LEESBURG, Va. (AP) — A special grand jury convened at the direction of Virginia Gov. Glenn Youngkin has issued a scathing report against a northern Virginia school system accusing it of mishandling a student who sexually assaulted classmates at two different high schools last year.
The grand jury report accuses the Loudoun County Public Schools superintendent of lying to the public to cover up what occurred, and authorities of ignoring multiple warning signs that could have prevented an assault.
“It is our considered judgment that (the second assault) never should have occurred,” the grand jury states in the report. “Had any one of a number of individuals across a variety of entities spoke up … then the sexual assault most likely would not have occurred. But nobody did.”
Youngkin issued an executive order on his first day in office in January requesting an investigation of the school system’s conduct in connection with the assaults. The school system sought to quash the investigation, calling it politically motivated. But the Virginia Supreme Court ruled earlier this year it could move forward.
The school system’s conduct became a major issue in the 2021 gubernatorial campaign, as Youngkin cited Loudoun schools as an example of administrators who placed social justice initiatives above student safety and educational fundamentals.
The assaults received outsize attention because the student who was convicted in both attacks is a biological male who wore a skirt in one of the attacks, playing into a national debate over how schools should treat transgender students and whether they should be allowed to use restrooms different to their biological sex.
The report also accuses school administrators and lawyers of stonewalling the special grand jury’s investigation. The report notes that school board members went out of their way in testimony to describe the assailant’s attire as a kilt rather than a skirt, something the report suggests was a coordinated effort by the school system’s legal team to push a narrative about what occurred.
In a written statement, school board Chair Jeff Morse and Vice Chair Ian Serotkin said they were pleased that no indictments were issued.
“(W)e are pleased that the Special Grand Jury’s extensive investigation found no evidence of criminal conduct on the part of anyone within LCPS,” they said.
The grand jury, though, remains impaneled, and is not barred from issuing indictments in the future.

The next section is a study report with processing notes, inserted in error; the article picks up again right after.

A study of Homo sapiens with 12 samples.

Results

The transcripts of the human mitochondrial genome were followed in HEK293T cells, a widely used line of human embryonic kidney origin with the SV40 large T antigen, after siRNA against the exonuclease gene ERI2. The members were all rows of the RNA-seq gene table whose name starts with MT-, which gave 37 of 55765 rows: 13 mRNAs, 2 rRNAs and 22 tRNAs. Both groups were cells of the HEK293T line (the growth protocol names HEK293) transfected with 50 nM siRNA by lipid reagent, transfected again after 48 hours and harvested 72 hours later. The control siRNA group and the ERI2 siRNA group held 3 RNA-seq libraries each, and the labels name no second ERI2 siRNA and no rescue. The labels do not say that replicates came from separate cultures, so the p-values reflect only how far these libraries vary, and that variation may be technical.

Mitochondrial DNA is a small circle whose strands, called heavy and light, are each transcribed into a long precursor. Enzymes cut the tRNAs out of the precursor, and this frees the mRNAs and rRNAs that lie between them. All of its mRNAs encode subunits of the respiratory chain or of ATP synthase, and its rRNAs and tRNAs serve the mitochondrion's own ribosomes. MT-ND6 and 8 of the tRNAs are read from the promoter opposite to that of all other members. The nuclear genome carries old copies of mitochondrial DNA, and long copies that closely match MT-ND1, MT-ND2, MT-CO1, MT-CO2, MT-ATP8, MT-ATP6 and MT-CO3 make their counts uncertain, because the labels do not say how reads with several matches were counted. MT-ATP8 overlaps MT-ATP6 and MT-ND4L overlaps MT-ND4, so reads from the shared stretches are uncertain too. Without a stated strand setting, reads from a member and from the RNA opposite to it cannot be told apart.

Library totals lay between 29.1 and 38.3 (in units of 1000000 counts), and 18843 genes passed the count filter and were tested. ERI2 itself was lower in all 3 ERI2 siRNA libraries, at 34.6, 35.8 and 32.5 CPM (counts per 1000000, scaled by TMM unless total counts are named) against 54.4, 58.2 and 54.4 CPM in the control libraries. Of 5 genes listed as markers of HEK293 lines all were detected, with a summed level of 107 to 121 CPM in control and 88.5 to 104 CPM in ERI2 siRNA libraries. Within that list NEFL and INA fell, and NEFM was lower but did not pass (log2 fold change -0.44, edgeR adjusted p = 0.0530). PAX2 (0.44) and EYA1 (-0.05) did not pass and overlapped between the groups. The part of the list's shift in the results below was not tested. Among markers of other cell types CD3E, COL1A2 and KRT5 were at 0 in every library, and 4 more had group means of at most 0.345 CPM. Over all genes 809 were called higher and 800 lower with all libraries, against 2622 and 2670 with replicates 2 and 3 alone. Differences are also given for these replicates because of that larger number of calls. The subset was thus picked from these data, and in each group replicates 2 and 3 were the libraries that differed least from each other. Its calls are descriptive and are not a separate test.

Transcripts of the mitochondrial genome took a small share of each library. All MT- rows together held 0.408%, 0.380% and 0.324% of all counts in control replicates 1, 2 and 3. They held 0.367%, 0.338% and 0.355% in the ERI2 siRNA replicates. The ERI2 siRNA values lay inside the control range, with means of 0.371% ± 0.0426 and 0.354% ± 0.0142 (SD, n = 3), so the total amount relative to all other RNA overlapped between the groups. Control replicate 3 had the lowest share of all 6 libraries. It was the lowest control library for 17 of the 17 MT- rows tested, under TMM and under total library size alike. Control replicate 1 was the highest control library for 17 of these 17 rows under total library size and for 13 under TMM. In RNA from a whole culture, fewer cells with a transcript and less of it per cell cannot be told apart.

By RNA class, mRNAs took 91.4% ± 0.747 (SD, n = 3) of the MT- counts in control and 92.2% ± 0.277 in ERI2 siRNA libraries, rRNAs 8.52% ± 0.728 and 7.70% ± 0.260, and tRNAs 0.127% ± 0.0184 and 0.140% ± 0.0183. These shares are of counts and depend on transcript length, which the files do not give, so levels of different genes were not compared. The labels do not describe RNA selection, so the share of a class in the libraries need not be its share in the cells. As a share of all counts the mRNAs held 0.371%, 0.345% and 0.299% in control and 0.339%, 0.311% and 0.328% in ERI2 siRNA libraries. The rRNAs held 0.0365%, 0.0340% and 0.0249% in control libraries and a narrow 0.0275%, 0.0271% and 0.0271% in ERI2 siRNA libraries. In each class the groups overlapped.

The school board leaders indicated they would take up the grand jury’s critiques in an upcoming session.
The first assault occurred in a girls’ bathroom stall at Stone Bridge High School in May 2021. The student was charged in juvenile court and barred by court order from returning to Stone Bridge. Administrators then transferred him to nearby Broad Run High School, where the second assault occurred in October 2021.
The grand jury report accuses the school system superintendent, Scott Ziegler, of lying about the assault at a school board meeting in June 2021, after the first assault occurred.
As the school board debated policies governing transgender students and whether they can use the restroom of their preference, a school board member asked Ziegler if the schools had a problem with sexual assaults occurring in bathrooms.
Ziegler responded that “to my knowledge we don’t have any record of assaults in our restrooms.” But emails show that Ziegler had been informed of the Stone Bridge assault and in fact had sent an email to board members informing them of the incident.
The report says teachers at both schools warned administrators of the student’s disturbing conduct weeks before each assault occurred. Even the student’s grandmother spoke up and warned the student’s probation officer, referring to her grandchild as a “sociopath,” according to the report.
Two weeks before the first assault, a teaching assistant wrote an email to another teacher and administrator noting that the boy sat on girls’ laps during study hall “and seems to have a problem with listening and keeping his hands to himself.”
The email resulted in a call to the student’s mother, but the grand jury report shows administrators seemed as concerned with whether the teaching assistant followed proper protocol in reporting her concerns as they were about the student’s conduct.
And the report faults administrators for passing the student off to Broad Run with insufficient communication about the risk he posed. At Broad Run, an art teacher reported to the principal that girls in the class were uncomfortable because the student was following them. Separately, he asked multiple students about posting nude photos online, according to the report.
The only punishment was an admonishment and requiring him to “write on a piece of paper that he would not commit such conduct again,” according to the report.
Attorney General Jason Miyares, whose office conducted the investigation, thanked grand jurors and said he looks “forward to the positive change in LCPS resulting from their work.”